Money Monday – Money, Money, Money
I work all night, I work all day, to pay the bills I have to pay, Ain’t it sad, And still there never seems to be a single penny left for me…
Money, Money, Money – Lyrics – ABBA
We are picking up from where we left off last week. I hope the time you spent reflecting on the past, present and future was insightful. Last week, I shared on my instastories that one thing that my husband and I are focusing on is our retirement. This is a big deal for us, because our parents didn’t prepare well for it and we see the effects of that today. Now of course, there are no guarantees in life, however, that doesn’t mean that we shouldn’t do our best to put things in place so that we are able to look after ourselves sufficiently in the future.
This week, we would like to focus on facts and figures. I’m afraid this is not fun but it is absolutely necessary. We are going to go through our finances and categorize them as follows:
- Income – Start by listing your income sources and corresponding figures – both gross (before taxes) and net (after taxes).
- Bills and expenses – List all your expenses – start with whatever is taken out of your gross income (taxes, NI…), followed by all your fixed expenses ( I like to start with the ones that don’t fluctuate and must be paid e.g. rent/mortgage, council tax, then others such as food, transport…), and finally other bills and expenses (e.g. entertainment, hobbies…).
- Savings and Investments – Make a note of all of the money you put aside for your savings, investments and pensions.
- Loans and other debts – Who do you owe money (loans, credit and store cards, friends and family…)? How much is that costing you on a monthly basis?
Take some time to reflect on the figures above.
Now, look at your bank statements over the last 3 months. How does that match up to the figures above? Many people hardly ever look through their bank statements. However, it is a crucial part of understanding your finances. Statements would usually cover bills that are paid on a quarterly basis – and for me, it gives a true indication on how I spend my money because I hardly ever use cash for purchases. Also, I have sometimes found errors in my statement e.g. double charges etc or recurring direct debits for services I no longer use. I once found that I had been paying for council tax in a borough and house that I was no longer living in.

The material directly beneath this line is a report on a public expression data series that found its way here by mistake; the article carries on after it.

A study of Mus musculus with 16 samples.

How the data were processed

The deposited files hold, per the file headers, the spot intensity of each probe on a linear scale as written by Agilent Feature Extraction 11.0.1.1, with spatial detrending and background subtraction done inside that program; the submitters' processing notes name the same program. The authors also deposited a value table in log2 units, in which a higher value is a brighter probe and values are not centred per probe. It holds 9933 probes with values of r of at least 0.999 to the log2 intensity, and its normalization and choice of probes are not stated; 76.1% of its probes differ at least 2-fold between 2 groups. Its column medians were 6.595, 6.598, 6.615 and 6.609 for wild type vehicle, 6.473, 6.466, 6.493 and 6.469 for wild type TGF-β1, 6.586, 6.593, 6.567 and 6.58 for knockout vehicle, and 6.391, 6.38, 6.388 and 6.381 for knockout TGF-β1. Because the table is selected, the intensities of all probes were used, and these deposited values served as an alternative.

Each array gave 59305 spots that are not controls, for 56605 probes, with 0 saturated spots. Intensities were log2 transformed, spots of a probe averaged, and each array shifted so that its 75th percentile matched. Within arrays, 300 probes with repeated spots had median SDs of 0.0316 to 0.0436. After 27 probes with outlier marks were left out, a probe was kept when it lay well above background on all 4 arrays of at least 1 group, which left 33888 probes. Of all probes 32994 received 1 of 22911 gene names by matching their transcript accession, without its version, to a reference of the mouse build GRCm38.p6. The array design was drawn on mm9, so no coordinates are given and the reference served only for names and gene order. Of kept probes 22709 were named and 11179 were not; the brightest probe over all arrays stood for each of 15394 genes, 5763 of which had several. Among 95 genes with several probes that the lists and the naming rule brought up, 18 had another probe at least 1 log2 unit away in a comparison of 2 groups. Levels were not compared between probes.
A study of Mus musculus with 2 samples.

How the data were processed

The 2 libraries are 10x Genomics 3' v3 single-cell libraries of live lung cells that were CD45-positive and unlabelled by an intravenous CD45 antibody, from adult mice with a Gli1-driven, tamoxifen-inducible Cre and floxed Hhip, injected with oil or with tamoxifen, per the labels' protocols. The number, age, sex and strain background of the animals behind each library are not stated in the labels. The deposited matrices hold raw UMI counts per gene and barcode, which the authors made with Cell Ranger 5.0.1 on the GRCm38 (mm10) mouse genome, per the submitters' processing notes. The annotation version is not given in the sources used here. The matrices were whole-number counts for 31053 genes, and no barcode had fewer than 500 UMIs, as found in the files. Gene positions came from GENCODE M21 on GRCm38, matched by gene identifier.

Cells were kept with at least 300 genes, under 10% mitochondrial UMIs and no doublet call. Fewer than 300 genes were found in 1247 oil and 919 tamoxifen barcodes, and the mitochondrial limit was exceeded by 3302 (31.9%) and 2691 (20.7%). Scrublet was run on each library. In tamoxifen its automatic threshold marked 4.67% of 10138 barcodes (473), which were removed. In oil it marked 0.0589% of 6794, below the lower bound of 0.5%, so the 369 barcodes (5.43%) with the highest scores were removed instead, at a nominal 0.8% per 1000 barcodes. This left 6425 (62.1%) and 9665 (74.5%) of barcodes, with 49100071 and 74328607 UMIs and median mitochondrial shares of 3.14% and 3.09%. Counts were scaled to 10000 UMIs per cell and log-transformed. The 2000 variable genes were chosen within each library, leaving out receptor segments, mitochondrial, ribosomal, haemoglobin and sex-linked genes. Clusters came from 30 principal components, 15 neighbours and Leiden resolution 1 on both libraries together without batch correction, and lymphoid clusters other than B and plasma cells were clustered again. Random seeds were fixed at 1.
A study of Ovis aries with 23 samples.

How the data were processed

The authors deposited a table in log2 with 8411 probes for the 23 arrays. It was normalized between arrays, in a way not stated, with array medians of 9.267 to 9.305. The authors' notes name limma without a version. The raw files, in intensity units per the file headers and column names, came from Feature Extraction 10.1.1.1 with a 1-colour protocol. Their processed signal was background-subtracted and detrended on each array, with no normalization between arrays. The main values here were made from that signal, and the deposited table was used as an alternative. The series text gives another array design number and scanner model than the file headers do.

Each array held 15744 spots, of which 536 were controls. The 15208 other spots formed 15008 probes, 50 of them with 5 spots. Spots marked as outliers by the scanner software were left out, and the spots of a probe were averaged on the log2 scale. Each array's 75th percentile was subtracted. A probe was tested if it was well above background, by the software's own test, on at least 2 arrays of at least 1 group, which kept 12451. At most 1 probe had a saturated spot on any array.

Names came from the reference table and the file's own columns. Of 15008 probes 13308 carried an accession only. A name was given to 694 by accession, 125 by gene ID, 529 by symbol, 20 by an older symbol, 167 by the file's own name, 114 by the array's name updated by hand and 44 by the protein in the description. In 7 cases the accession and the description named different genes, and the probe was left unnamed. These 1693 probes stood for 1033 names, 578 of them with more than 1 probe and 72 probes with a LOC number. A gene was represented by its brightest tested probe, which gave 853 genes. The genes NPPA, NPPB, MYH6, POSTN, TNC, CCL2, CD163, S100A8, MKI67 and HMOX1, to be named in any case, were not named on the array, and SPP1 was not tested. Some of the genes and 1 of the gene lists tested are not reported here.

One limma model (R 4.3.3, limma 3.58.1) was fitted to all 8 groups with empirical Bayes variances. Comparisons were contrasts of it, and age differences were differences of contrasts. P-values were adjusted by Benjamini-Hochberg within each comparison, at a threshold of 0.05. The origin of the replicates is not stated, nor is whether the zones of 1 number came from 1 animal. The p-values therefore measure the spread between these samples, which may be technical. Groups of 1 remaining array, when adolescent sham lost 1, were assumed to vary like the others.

Take some time to reflect on these figures. What do they mean to you? Is there a pattern emerging? Are you spending more than you should? What do your savings look like? How about your income? Are you paying for things that you really don’t use (gym and health club memberships are a big one!)? Are you always going into your overdraft? How much are you spending on your credit cards? Are you paying them off? How many store cards do you have? What is the APR% on these and other loans/credit cards?
Now, look back at the three things you said you thought you needed to work on vis a vis your financial goals. Do you need to rearrange your priority list? What do you need to do, to make your financial goals a reality?
Also keep an eye out on my instastories where I’ll share what has come out of this exercise for us.
Thank you for taking your time to do this with us.
See you next week
Ps – If you are struggling with debt, please seek help. There is a way out. Start by clicking on this link. The information here is useful and will point you in the right direction.